99-year-old volunteer has a huge heart for others

Billie Tate makes a purchase from Connie Dickinson, volunteer at Calder Woods

Connie Dickinson, a lovely Calder Woods resident, defies all we think we know about aging. To put it mildly, this woman is simply amazing. Connie has a Texas-sized heart for others and demonstrates it in her many volunteer efforts, and she says she has no plans for slowing down any time soon. She will celebrate her 100th birthday on Oct. 18. 

In an interview held in the spacious library of the Beaumont retirement community, Connie told The Examiner she has called Calder Woods home for some nine years. Connie was born in Greensboro, North Carolina, where her father was a district manager for S.H. Kress. She was third in line of seven children, with three brothers and three sisters. The family relocated to Little Rock when her father’s job sent him there, and later to Memphis. Connie’s grandparents lived in Beaumont, and she treasured the summers and other visits she was able to share with them. She fell in love with the grandparents’ next door neighbor and married Murray Dickinson in 1943. They would go on to share 59 blessed years together before Murray’s death. Murray was a valued employee of what is now called Chevron, and Connie worked for a little more than 25 years for Sun Oil Company before retiring.

Murray and Connie had no children, but were very active in the community and joined the St. John Lutheran Church in 1943 where Connie still serves faithfully.

“I knew when I retired that I needed to do something more,” said the vivacious lady. “I checked around and found out through my friend and neighbor, Charlotte Castle, that Baptist Hospital had needs in the way of volunteers, so I signed up, and have been there since. “At nearly 100 years of age, Connie Dickinson is currently the eldest of our ‘Shining in their 90s’ volunteers at Baptist Hospital,” said Vicki Holcombe, director of Volunteer Services. “With over 28 years and nearly 15,000 hours of service, Connie currently volunteers two days each week at the Baptist Beaumont Hospital information desk, where she can be found answering phones and helping patients and family members find their way through the hospital.”

 Holcombe added that Connie averages over 500 hours of volunteer service each year and that Connie’s memory is exceptional. 

“She can quote many of our telephone numbers from memory and can give precise, clear directions for any of our areas, including the three towers. Having served so long, she is familiar with many of our patients’ and family members’ needs,” Holcombe said.

Connie says she chooses to volunteer Monday and Saturday because those are the two most difficult days to recruit help. “People are so busy with families, travel, and other weekend activity on those days,” said the thoughtful worker.

Holcombe, who clearly has a very soft spot in her heart for Connie, said, “Connie was one of the very first volunteers I met when I came to work for the hospital over 15 years ago. She has always been a joy to work with for all of us. Some of her fellow volunteers have commented to me that they enjoy working with Connie because she is always pleasant to be around. These good traits make her an oft-requested substitute for many shifts.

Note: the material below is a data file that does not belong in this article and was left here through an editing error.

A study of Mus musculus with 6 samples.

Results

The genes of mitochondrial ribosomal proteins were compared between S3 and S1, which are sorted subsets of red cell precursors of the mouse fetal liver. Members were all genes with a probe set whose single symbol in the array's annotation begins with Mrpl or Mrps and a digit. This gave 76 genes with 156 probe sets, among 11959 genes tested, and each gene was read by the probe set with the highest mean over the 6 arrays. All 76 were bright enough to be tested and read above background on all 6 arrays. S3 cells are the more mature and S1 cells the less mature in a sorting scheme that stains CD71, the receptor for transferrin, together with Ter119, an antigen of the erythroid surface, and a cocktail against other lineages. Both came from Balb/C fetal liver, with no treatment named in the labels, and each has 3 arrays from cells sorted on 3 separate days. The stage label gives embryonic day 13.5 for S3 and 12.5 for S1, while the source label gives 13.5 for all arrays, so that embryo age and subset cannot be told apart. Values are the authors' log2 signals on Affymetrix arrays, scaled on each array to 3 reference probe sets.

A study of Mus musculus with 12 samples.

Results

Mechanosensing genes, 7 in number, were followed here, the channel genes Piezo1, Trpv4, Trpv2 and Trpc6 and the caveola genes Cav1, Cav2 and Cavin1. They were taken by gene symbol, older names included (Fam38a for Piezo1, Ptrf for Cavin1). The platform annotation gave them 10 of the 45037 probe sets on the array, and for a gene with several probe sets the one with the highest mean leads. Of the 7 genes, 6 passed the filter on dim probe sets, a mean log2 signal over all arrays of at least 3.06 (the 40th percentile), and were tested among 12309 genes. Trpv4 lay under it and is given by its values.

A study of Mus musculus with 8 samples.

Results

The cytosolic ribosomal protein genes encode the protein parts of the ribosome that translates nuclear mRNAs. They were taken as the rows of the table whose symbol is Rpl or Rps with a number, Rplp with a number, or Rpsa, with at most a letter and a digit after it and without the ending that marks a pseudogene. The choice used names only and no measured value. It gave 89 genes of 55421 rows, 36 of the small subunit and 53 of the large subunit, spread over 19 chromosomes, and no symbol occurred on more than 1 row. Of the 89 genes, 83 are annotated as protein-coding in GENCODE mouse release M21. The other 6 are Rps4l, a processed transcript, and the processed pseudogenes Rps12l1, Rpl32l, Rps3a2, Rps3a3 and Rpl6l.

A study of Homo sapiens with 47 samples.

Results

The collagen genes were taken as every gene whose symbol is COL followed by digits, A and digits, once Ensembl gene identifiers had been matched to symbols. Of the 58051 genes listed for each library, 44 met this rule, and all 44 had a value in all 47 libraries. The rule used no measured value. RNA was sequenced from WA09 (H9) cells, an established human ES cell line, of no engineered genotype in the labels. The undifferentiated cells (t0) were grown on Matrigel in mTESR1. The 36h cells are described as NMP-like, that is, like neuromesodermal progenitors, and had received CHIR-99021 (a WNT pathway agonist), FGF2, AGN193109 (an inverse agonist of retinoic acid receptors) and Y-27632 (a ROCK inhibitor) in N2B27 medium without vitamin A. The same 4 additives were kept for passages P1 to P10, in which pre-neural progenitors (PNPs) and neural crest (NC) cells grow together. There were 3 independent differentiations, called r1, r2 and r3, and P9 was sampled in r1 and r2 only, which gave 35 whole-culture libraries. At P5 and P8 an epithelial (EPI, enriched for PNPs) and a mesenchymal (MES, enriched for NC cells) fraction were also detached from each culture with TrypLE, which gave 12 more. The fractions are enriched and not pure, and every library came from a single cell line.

Fridays, one may find Connie manning the desk at the Calder Woods Gift Shop where she enjoys serving customers and answering questions. This is another of her purely volunteer ventures, and she enjoys meeting the various residents and their guests.

Asking Connie how she gets back and forth to the hospital, church, and her other engagements brought forth a puzzled look on her face. “What do you mean?” she asked. 

Perhaps Calder Woods provides a bus or van for resident outings …

Connie laughed out loud and said, “Well, I simply go downstairs and get in my car and drive wherever I want to go.” 

Connie also provides transportation for some of the other residents in the center. One of the residents said that when they need something picked up or transportation to a local place, they call Connie.

Not all of Connie’s sisters and brothers have matched her longevity. Connie, shaking her head rather sadly, said, “No, two of my brothers died early. They only lived to be 89.” But her sister Charlotte, who resides in her own home in Memphis, still does her own housework, takes care of her home, drives back and forth to her engagements and meetings, and like her younger sister, volunteers three days each week at a local hospital there. She is 103 years young. Charlotte and Connie talk almost every day by phone and visit from time to time.

Both women believe that they were blessed with longevity by their dad’s grandmother, who lived to be a healthy 104 years old. Her dad hailed from Holland and came to America through Ellis Island.

Connie enjoys reading as a pastime and has a wide variety of choices in books, but her favorite author of late is James Patterson, and she has read all of his books. Given her choice, she would vacation in Canada, and her very favorite food is good cornbread and turnip greens. The cornbread would not be made with sugar. She said when she first married Murray, she made cornbread the way her mom did and added a small amount of sugar. She soon learned that Texans did not add sugar, and Murray told her that sugar made it a cake and not cornbread. She also enjoys a good beef stew. She loves football and watches most of the games during the season. She joins other residents in some of the table games and particularly enjoys Rumi Cube.

If Connie’s philosophy of living could be summed up in a simple statement, she said with some seriousness, “I’d like to think I treat others as I would want to be treated.”

 

Brenda Cannon Henley can be reached at (409) 781-8788 or at brendacannonhenley [at] yahoo [dot] com.